Obama says visitors with the AIDS virus are not a threat. Also, researchers confirm that their H.I.V. vaccine study in Thailand produced limited results. Transcript of radio broadcast:

This is the VOA Special English Health Report.

In nineteen eighty-seven, H.I.V./AIDS joined a list of diseases that could keep a person out of the United States. The government later tried to cancel its decision. But Congress made the travel ban a part of immigration law. People with H.I.V., the virus that causes AIDS, could seek an exception, but that meant extra work.

Last year, Congress and President George W. Bush began the process of ending the travel ban. Now President Obama is finishing that process.

BARACK OBAMA: "We talk about reducing the stigma of this disease, yet we have treated a visitor living with it as a threat. We lead the world when it comes to helping stem the AIDS pandemic, yet we are one of only a dozen countries that still bar people with H.I.V. from entering our own country."

A final rule published Monday will end the travel ban effective January fourth. H.I.V. will no longer be a condition that can exclude people. And H.I.V. testing will no longer be required for those who need a medical examination for immigration purposes.

AIDS has killed more than twenty-five million people since the early nineteen eighties.

In September, there was news that a vaccine showed some ability to prevent H.I.V. infection in humans for the first time. The full results of the vaccine study were presented in late October at an international conference in Paris. They were also reported in the New England Journal of Medicine. The researchers confirmed that the study in Thailand produced only "modest" results.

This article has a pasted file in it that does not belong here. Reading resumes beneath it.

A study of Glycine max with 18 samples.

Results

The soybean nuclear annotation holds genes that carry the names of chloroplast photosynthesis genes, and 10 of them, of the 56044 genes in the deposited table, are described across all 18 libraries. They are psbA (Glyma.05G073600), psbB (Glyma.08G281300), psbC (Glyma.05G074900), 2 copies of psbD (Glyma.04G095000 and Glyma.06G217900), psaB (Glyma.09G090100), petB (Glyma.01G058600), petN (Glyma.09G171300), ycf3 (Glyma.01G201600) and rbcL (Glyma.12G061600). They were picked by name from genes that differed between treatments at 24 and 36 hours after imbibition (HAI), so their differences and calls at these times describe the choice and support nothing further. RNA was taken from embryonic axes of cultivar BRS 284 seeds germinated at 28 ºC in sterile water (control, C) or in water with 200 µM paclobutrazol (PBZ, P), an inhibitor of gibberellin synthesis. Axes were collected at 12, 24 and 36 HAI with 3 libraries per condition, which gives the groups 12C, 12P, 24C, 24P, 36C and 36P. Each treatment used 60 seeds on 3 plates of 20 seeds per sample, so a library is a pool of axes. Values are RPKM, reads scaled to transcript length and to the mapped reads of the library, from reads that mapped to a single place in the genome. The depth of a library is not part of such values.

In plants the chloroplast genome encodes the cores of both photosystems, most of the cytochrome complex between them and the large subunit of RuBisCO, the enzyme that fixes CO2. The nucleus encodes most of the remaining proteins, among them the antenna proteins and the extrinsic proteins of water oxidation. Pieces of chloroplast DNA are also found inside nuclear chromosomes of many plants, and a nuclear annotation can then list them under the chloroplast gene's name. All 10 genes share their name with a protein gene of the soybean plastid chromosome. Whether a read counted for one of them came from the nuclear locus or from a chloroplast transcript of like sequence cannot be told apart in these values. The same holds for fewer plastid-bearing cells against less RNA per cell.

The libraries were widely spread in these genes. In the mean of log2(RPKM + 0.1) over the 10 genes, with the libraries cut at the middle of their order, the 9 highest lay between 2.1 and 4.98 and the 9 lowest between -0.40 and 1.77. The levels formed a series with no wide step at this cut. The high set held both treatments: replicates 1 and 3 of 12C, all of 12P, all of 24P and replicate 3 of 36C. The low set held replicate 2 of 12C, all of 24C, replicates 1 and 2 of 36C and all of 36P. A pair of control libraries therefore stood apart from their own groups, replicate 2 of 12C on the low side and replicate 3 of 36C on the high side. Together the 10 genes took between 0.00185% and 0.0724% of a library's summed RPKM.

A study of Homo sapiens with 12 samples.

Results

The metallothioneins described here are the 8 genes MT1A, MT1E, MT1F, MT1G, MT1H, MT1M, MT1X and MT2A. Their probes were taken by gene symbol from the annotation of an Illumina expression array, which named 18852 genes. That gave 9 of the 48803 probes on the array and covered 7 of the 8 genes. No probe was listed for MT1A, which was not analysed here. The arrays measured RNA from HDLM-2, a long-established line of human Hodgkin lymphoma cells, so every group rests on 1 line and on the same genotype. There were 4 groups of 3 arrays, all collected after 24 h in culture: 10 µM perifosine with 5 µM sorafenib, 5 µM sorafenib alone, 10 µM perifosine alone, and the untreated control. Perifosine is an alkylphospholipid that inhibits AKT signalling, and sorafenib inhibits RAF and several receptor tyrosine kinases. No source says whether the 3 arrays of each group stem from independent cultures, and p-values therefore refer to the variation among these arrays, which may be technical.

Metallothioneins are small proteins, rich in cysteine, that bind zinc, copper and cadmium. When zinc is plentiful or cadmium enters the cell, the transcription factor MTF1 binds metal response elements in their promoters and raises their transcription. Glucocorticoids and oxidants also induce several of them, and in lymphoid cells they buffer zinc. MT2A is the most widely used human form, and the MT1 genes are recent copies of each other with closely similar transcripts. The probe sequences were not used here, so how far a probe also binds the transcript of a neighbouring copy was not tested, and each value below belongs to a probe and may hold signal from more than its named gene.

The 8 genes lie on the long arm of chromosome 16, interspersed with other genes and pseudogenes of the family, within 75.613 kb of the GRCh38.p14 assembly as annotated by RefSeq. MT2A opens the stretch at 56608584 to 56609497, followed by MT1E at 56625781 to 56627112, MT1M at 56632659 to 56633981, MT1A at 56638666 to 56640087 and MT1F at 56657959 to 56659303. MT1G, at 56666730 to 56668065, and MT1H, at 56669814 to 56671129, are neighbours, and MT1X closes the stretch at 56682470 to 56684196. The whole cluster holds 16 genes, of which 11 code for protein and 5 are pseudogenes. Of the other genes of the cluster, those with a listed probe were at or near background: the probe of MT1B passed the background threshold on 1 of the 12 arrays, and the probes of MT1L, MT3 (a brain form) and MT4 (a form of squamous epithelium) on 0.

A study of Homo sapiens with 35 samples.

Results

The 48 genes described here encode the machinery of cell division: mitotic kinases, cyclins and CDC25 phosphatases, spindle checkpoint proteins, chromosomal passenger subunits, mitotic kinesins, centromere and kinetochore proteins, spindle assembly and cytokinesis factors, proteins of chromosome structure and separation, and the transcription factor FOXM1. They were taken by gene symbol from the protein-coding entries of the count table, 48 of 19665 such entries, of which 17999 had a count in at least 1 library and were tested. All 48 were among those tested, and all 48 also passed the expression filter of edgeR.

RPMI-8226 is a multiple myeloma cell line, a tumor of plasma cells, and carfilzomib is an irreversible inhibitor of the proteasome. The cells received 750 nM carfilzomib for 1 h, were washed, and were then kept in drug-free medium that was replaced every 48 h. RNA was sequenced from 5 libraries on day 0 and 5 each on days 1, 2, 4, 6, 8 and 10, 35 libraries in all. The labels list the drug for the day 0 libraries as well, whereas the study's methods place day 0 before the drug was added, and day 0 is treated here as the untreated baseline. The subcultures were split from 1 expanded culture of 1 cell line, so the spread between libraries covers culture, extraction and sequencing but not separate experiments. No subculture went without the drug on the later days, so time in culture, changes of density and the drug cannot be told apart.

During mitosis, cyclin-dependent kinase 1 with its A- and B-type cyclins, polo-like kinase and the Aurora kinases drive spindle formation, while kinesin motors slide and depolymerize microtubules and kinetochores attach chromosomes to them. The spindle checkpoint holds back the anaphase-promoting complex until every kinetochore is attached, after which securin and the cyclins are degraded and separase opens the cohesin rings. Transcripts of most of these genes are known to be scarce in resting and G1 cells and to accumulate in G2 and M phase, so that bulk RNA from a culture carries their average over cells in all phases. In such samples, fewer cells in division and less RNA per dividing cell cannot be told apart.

The United States Army sponsored the vaccine trial. The study combined two vaccines, using versions of H.I.V. common in Thailand. Neither vaccine alone had shown success in earlier studies.

Thai researchers tested the combination in more than sixteen thousand volunteers. Half of the volunteers got the vaccine. The others got a placebo, an inactive substance. All were given condoms and counseling on AIDS prevention for three years. The study found thirty-one percent fewer cases of infection in the vaccine group than in the placebo group.

But critics said the findings could possibly have resulted from chance. The announcement in September was based on all sixteen thousand volunteers. Almost one-third of them, however, did not follow all the required steps in the study. Results just from those who did were similar to the larger group, but the influence of chance was more of a possibility.

Still, the researchers said the study produced enough valuable information to offer new hope for AIDS research.

And that's the VOA Special English Health Report. I'm Bob Doughty.